Thursday, December 6, 2012

(Updated!) What you missed in Infection Prevention: December 6, 2012

1) Today's NEJM has lot's of interesting stuff.  First up, they have a review of the first cases of fungal infections associated with contaminated methylprednisolone injections in Tennessee. The report covers 66 case patients with 21 having confirmed Exserohilum rostratum infection and 1 having confirmed Aspergillus fumigatus infection.

2) Next up, NEJM has a perspective piece from the FDA that highlights infections secondary to contaminated antiseptic products including iodophors, alcohol products, CHG and quaternary-ammonium compounds.

3) And finally from the NEJM, Thomas Sandora and Donald Goldmann have a perspective piece outlining their suggestions for preventing hospital outbreaks of antibiotic-resistant bacteria. Most of what they offer is standard infection control dogma from the  - it's the healthcare worker's fault for not washing his/her hands diatribe - to the suggestion that a "parsimonious set of interventions aimed at reducing exposure to antibiotics may have the greatest effect on resistance." They even included a table of the suggested parsimonious stewardship interventions (below). I don't believe that any are backed by more than uncontrolled quasi-experimental studies or expert opinion. (Please correct me if I'm wrong!) Might they have recommended funding studies of these interventions instead?  It's hard enough to be a hospital epidemiologist in 2012 marketing the few evidence-based interventions at our disposal without laying the burden of making us defend interventions based on pure speculation on our backs.  Oh well.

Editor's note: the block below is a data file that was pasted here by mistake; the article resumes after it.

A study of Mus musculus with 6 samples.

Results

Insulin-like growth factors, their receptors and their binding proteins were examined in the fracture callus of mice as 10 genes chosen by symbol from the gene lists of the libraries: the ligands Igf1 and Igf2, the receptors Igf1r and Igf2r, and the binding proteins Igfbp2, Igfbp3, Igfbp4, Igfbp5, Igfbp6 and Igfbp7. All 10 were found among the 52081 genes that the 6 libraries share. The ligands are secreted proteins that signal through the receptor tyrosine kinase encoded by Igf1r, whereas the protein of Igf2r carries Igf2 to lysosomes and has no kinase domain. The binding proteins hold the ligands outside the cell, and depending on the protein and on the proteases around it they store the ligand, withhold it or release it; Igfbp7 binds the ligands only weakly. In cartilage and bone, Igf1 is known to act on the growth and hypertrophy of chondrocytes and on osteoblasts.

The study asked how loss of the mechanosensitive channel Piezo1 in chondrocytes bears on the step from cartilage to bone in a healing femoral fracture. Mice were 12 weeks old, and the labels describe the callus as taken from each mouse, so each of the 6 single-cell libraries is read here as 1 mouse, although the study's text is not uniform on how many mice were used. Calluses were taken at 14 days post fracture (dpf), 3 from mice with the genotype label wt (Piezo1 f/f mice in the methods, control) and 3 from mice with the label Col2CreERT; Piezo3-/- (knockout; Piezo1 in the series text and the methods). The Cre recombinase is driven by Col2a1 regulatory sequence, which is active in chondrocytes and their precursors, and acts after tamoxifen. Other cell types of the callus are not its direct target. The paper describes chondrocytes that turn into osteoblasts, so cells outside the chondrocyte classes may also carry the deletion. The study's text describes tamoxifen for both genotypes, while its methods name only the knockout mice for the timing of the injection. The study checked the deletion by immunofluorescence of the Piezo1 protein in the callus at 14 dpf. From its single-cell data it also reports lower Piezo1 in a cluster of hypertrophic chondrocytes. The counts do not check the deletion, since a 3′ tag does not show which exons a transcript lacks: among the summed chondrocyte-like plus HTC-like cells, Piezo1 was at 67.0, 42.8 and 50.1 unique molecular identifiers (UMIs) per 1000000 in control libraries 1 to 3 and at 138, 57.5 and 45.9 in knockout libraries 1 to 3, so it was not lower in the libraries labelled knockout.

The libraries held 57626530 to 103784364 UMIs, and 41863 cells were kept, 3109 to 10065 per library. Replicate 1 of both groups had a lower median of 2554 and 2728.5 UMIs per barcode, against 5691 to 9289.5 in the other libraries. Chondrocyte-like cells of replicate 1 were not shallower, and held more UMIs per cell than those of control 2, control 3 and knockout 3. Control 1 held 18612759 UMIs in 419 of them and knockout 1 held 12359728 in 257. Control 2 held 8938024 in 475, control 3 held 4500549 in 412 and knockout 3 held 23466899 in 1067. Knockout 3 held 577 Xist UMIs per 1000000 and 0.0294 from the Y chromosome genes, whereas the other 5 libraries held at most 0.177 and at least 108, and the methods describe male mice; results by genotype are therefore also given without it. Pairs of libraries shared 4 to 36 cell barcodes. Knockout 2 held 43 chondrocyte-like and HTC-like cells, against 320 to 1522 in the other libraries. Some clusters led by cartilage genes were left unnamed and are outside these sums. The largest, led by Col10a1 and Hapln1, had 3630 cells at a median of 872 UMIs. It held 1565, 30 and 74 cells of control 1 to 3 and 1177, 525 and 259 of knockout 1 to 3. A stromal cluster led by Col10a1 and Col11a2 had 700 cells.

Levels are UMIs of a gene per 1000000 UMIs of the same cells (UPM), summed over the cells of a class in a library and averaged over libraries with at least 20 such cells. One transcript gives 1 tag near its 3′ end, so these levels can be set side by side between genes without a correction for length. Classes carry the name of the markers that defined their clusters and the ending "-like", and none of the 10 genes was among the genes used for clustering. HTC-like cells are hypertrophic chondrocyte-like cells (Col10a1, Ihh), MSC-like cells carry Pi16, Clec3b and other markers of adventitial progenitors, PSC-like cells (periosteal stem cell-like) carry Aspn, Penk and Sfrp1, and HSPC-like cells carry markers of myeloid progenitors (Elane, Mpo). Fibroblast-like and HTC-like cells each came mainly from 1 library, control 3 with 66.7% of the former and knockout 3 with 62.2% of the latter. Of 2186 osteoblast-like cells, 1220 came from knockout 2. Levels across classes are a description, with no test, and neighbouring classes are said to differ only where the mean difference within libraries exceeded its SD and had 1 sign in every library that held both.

4) There is a report in today's Ottawa Citizen by Helen Branswell that nicely outlines two NDM-1 outbreaks that occurred (October 2011 and January 2012) in Toronto. The article covers an study published in ICHE and another in CID. The latter described the transmission of the NDM-1 between E. coli and Klebsiella species in the same patient.

5) Last-but-not-least, check out this story in NPR that highlighted an innovative research study out of Michigan State University. Researchers modeled the spread of murders in Newark, NJ as an infectious disease and discovered that murder appears to be transmissible like an infectious pathogen. They are now figuring out why some neighborhoods are more resistant to homicide and how they might "vaccinate" populations to reduce murder. Pretty cool and Go Sparty!

1 comment:

  1. I have not enjoyed reading anything so much since I found out that My wife's great, great grandfather was prosecuted at the Old Bailey in London for attempting to murder her great great grandmother.

    He must have been acquitted, as he went off to be a slave overseer in Jamaica.

    I shook my head sadly, "It's all in the genes. The women in your family can annoy any man beyond belief."